Petrol exchange users continue to shun e-trading a year after roll-out


Petrol exchange users continue to shun e-trading a year after roll-out

Nick Huber

An electronic trading system set up by the International Petroleum Exchange is still being shunned by traders one year after its launch.

Oil prices have reached a record high, but the IPE told Computer Weekly that only about 5% of total trades made on oil and natural gas futures contracts are being conducted using the browser-based version of the ICE electronic trading system. The system is running in parallel with traditional open outcry trading.

Traders have the choice of using the Java-based electronic trading system, which integrates with Microsoft Excel spreadsheets. However, the proportion of trades made electronically has not changed significantly since April.

The IPE, Europe’s largest exchange for energy futures and options and the last open outcry pit in the City, handles more than £1.1bn of trades a day.

A spokeswoman for the IPE said traders would continue to use open outcry trading if it was perceived to offer more liquidity - being able to quickly buy or sell an item.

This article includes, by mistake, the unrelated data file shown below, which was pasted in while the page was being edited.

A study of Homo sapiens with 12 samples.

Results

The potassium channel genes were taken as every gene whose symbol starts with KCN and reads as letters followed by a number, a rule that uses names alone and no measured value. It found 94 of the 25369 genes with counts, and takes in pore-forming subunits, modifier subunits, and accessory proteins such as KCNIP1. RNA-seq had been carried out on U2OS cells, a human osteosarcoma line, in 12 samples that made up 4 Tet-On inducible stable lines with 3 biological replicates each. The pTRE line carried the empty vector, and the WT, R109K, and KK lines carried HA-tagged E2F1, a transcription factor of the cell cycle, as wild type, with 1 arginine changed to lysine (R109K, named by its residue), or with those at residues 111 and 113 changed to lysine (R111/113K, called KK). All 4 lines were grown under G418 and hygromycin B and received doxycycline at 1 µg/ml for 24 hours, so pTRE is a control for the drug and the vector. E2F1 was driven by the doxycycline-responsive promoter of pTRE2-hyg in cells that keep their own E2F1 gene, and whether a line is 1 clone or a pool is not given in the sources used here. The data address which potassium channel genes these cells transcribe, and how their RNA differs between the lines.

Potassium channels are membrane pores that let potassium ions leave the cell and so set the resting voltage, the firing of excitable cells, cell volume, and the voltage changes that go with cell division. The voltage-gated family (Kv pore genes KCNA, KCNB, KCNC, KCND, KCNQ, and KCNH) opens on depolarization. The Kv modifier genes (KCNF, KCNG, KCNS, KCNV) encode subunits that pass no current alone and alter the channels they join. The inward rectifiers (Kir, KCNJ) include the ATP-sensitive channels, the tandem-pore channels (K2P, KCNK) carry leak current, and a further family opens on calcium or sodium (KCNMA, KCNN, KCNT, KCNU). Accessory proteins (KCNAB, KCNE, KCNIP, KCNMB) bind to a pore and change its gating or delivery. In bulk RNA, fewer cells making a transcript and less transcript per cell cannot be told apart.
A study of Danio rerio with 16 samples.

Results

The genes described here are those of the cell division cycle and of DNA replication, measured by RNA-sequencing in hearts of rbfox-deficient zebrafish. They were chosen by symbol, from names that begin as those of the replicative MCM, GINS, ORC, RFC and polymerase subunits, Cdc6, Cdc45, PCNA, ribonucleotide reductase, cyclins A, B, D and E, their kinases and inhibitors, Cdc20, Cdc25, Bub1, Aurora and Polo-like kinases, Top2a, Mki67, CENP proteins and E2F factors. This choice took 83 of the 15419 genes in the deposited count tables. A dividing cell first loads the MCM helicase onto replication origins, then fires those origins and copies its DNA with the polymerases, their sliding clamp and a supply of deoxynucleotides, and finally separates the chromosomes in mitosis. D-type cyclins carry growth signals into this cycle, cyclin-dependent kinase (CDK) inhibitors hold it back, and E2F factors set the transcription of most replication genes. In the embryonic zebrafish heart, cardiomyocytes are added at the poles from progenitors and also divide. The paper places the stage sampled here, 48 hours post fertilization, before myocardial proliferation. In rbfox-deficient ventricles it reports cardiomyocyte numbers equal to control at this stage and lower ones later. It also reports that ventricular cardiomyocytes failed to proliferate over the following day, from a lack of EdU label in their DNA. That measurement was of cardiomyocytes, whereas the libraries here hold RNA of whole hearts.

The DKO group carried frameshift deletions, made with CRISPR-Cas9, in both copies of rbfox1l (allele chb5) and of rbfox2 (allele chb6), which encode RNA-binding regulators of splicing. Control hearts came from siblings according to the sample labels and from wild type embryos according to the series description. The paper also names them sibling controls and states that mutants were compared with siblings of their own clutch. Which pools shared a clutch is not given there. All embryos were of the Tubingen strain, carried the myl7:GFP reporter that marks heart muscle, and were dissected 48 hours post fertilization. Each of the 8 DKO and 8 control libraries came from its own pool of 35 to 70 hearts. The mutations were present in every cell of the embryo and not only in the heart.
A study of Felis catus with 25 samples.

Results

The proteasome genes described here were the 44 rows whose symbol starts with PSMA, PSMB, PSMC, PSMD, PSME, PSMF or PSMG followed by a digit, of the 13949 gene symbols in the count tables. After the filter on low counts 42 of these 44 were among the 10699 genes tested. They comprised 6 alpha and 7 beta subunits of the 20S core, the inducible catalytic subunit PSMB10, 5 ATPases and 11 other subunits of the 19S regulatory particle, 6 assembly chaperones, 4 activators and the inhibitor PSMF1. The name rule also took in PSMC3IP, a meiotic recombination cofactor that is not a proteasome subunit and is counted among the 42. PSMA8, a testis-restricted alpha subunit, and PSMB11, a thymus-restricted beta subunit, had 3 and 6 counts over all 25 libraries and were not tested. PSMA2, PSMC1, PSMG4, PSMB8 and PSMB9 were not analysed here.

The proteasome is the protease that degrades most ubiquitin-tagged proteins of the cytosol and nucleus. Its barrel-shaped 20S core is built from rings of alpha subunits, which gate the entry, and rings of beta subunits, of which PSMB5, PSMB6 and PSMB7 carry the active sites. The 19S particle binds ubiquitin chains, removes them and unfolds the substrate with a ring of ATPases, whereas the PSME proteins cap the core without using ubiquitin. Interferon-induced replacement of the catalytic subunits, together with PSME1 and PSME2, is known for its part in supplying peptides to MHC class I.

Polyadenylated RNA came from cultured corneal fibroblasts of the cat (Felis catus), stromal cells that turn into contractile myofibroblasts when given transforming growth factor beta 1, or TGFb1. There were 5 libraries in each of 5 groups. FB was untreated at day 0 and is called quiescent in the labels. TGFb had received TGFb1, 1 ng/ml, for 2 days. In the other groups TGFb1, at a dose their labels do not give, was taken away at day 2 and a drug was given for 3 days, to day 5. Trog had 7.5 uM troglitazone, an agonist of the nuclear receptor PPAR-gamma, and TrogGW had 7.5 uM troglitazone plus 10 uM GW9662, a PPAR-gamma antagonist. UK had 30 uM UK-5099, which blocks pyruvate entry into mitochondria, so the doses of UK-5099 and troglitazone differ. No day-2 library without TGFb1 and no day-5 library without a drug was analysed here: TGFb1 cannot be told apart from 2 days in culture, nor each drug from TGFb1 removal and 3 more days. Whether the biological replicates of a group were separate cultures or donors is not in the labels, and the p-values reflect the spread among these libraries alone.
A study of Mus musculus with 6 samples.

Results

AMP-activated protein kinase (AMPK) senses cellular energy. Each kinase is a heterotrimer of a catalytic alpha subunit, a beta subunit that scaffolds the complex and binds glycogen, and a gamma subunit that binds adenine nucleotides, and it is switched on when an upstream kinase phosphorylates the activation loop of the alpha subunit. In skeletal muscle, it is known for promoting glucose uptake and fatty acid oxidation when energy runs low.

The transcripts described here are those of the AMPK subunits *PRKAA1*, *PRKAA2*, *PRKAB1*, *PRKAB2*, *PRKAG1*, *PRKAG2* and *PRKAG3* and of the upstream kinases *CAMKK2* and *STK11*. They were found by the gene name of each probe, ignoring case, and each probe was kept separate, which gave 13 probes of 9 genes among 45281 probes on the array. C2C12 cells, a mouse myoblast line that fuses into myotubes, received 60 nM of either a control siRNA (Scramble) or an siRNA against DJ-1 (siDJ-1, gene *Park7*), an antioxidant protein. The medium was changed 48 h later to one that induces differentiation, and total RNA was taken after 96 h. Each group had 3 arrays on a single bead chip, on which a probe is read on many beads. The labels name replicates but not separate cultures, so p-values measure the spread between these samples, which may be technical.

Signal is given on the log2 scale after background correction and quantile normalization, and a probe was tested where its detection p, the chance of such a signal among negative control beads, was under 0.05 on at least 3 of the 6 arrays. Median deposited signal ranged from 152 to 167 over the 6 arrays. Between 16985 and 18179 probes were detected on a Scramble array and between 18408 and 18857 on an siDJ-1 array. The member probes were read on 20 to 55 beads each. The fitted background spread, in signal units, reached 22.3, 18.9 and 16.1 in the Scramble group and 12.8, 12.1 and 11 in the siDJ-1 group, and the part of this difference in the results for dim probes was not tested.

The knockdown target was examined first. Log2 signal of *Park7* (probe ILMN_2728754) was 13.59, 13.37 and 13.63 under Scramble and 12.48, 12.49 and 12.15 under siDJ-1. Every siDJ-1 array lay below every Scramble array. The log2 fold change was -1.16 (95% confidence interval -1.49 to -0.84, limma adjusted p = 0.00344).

The IPE trading system was developed by the exchange’s parent company Intercontinental Exchange. Advantages of the system include access to international markets, being able to automate the trading cycle - known as straight-through processing - and trading directly without a broker, the IPE said.

Daniel Cohen, managing consultant at PA Consulting Group, said winning the support of traders for an electronic trading system often posed a bigger challenge than developing the technology.

"Smaller traders are often hostile to electronic trading," he said. "A lot of these guys are concerned that it might make them redundant and favour the bigger banks."